No compelling reason for a cellular Apple Watch to support voice - data only would support 90+% of all use cases (supporting voice via VoLTE, FaceTime, Skype, etc...).
That AR is more near term than Apple automotive ambitions isn't much of a revelation. There could be some AR functionality on the new iPhones this year.
As for AR glasses...it is something I believe will be viable at some point, but am not convinced that 2018 is the year. There just seems to be so many issues to solve, not the least of which is the "social acceptance" of it. Style - in the sense that at least a few 10's of millions would consider wearing them - is paramount. Addressing privacy concerns is next. Then you get into battery, application response, how to display the information so it is helpful but not distracting, doesn't make the user nauseous, etc. Just doesn't seem solvable in a year.
k2kw said:mjtomlin said:k2kw said:Jeff C said:I think the choice is clear. Do you need an Apple Pencil or the color gamut for your work as an artist? Do you want handwritten notes? Buy a Pro. Everyone else should buy an iPad and save the scratch. The world of people who can use an IPad as a "laptop replacement" is small and is largely populated by retirees, small children and people who just surf the web and never use a complicated spreadsheet. The lower price iPad opens that world up and also keeps it as a more viable choice to buy for kids. Though giving up on the mini basically cedes that to Amazon where $50 gets you a crap-in-comparison tablet that is actually amazing because you can hand it to a four-year-old and not care. Most of us are not tech writers with access to the bleeding edge. The new iPad is going to be a nice replacement for those with an original iPad, 2,3,4 or maybe Air who are thinking "It is time for a new one do i still need... $329. OK let me just explain this to the wife in a way that makes it sound important. I should use the old iPad more to make it look like I need one." Normal people cannot justify an $800-$1,000 iPad (either base or all in with keyboard and pencil) when you can now grab a MacBook Air for the same price or a MacBook for just a few hundred more. Meanwhile for a growing segment of the population that just browses the Web and uses Facebook the phone works just fine. I just hope Apple wakes up, either adds more true multitasking and power abilities to the Pro's or concedes they are not laptops, they cannot grow the mac business charging more and more for less and they find a way to bring Mac prices down to reality so they can grow the user base and be more than an iPhone company for years to come. They are losing the top part of the market who don't want toy computers and the bottom part that can get a $300 Windows laptop a couple of minutes after ogling the nice MacBooks hidden in the corner of Best Buy.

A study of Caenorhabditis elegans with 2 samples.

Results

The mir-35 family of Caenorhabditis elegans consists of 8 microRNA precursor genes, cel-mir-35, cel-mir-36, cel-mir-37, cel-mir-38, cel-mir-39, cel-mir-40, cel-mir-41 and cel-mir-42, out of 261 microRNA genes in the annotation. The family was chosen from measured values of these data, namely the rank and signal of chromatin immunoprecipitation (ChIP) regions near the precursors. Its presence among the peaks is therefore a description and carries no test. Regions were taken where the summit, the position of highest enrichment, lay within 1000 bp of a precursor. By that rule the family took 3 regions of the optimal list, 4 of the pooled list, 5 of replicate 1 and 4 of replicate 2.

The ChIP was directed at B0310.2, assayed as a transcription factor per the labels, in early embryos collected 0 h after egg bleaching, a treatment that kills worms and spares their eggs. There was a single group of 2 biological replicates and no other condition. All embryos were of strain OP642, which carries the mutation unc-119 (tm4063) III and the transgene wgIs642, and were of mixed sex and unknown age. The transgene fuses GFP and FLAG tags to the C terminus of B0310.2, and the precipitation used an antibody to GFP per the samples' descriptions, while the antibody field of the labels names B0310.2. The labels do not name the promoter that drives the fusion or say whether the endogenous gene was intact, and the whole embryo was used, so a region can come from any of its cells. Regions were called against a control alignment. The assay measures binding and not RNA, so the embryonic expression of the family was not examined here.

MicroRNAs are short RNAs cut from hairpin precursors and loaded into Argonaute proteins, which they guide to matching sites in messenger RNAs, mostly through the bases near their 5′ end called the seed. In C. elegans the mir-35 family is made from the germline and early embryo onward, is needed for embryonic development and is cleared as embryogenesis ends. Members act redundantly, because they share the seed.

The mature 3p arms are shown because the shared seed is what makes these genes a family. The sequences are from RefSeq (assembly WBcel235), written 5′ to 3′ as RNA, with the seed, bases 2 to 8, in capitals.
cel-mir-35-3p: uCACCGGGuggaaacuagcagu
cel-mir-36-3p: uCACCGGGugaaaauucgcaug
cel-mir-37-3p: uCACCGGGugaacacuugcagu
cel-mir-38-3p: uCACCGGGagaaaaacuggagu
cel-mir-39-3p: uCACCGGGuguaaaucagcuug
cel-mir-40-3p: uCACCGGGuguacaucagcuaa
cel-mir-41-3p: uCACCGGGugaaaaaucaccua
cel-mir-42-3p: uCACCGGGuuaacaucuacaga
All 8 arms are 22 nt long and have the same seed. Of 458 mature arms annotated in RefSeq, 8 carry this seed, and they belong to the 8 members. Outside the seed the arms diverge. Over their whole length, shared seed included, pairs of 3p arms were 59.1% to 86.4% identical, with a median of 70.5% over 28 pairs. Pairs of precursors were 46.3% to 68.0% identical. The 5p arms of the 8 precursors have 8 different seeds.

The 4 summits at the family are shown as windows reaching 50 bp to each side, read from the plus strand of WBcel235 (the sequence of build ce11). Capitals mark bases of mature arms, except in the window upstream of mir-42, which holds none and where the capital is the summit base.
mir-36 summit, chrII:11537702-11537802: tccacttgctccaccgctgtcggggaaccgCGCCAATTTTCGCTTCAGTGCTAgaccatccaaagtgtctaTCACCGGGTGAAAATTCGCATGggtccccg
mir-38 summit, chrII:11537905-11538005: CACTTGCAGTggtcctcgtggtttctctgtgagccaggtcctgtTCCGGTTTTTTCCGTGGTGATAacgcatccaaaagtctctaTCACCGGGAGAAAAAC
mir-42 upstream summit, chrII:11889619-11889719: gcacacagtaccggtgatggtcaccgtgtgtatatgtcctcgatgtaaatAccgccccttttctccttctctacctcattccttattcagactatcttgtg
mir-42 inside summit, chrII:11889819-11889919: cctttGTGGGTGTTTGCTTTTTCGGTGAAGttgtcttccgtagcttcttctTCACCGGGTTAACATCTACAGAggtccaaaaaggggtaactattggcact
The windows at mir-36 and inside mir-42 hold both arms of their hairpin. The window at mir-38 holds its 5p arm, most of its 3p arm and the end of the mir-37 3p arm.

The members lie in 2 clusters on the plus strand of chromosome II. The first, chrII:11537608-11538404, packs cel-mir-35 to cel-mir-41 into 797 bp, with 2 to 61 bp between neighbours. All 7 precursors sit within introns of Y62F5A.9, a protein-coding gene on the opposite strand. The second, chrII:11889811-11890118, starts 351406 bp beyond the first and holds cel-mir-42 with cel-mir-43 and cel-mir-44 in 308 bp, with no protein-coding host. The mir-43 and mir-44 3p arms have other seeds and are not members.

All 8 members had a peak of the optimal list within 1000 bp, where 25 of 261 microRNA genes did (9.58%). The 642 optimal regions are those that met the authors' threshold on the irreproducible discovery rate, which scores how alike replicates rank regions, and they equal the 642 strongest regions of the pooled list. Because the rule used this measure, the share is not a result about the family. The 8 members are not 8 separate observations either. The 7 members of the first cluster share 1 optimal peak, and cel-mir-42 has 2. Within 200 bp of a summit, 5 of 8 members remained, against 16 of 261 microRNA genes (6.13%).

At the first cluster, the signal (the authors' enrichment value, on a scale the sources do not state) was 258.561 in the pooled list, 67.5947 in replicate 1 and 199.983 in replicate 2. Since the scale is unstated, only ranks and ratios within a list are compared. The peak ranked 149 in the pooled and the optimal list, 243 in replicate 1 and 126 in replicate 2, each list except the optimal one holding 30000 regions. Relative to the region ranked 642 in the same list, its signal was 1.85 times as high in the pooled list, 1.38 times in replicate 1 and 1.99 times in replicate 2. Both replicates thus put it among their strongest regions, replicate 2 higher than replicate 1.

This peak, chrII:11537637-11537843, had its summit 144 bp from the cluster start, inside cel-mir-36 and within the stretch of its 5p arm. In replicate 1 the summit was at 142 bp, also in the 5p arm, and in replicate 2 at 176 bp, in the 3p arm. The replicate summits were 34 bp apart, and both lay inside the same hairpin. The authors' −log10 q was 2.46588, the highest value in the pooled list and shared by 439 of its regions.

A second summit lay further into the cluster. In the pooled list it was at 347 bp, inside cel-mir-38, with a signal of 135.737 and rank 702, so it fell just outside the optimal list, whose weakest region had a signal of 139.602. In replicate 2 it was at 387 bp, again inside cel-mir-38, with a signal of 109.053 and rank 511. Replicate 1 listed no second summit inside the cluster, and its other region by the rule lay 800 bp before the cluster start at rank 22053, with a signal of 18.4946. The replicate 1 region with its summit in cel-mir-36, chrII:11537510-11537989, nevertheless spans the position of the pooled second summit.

As great of a machine that the iPadPro may be for artists with the Pencil. Its' not going to motivate me to upgrade. If they add mouse support to the Pro then I will definitely upgrade. Apple needs to expand the reach of the Pro to more users.
Just want to point something out here. The Pencil is a pointing device. Like the mouse or trackpad on your "Desktop" computer it can be used for fine selection that your fat finger is not capable of doing. This make the iPad Pro a much more capable device for a lot more than just "artists". And along with a keyboard, it becomes just as useful as any laptop. People can't seem to grasp the fact that the reason their "computers" are better is because of the devices used to interact with them and it's the same reason Apple does not sell Macs with touch screens.
...but also demand that Apple build a touch screen Mac, as they say touching the screen is more natural than using the mouse / trackpad
GeorgeBMac said:I always wondered about the logic of purchasing and then lugging around 2 separate computer systems that do essentially the same functions and the only real difference being screen size?
... Carrying an Apple Watch and an IPhone -- that's ok and it's not what I'm talking about.
But carrying an IPhone and an IPad and a MacBook are just totally, absolutely redundant. Almost a crazy kind of stupid. They each are supporting: systems board, batteries, memory and processors that are each capable of doing what the other formfactor is doing. The only real difference is screen size and external keyboard & touchpad.
So, OK! Let's Do This! It's time to leave the 20th century!
But, there is another, more important reason: Apple is getting killed by the Chromebook. Parents, schools and kids simply don't want to shell out $2,000 when $200 gives them what they need. But, they all carry IPhones. By plugging them into a light, thin, dumb terminal that supplies a large screen and professional quality keyboard you have everything you need at less than the cost of a Chromebook -- and Apple preserves its youth market.
Apple just released a new iPad model which has education pricing of $299 (and I am sure bulk volumes are somewhat lower).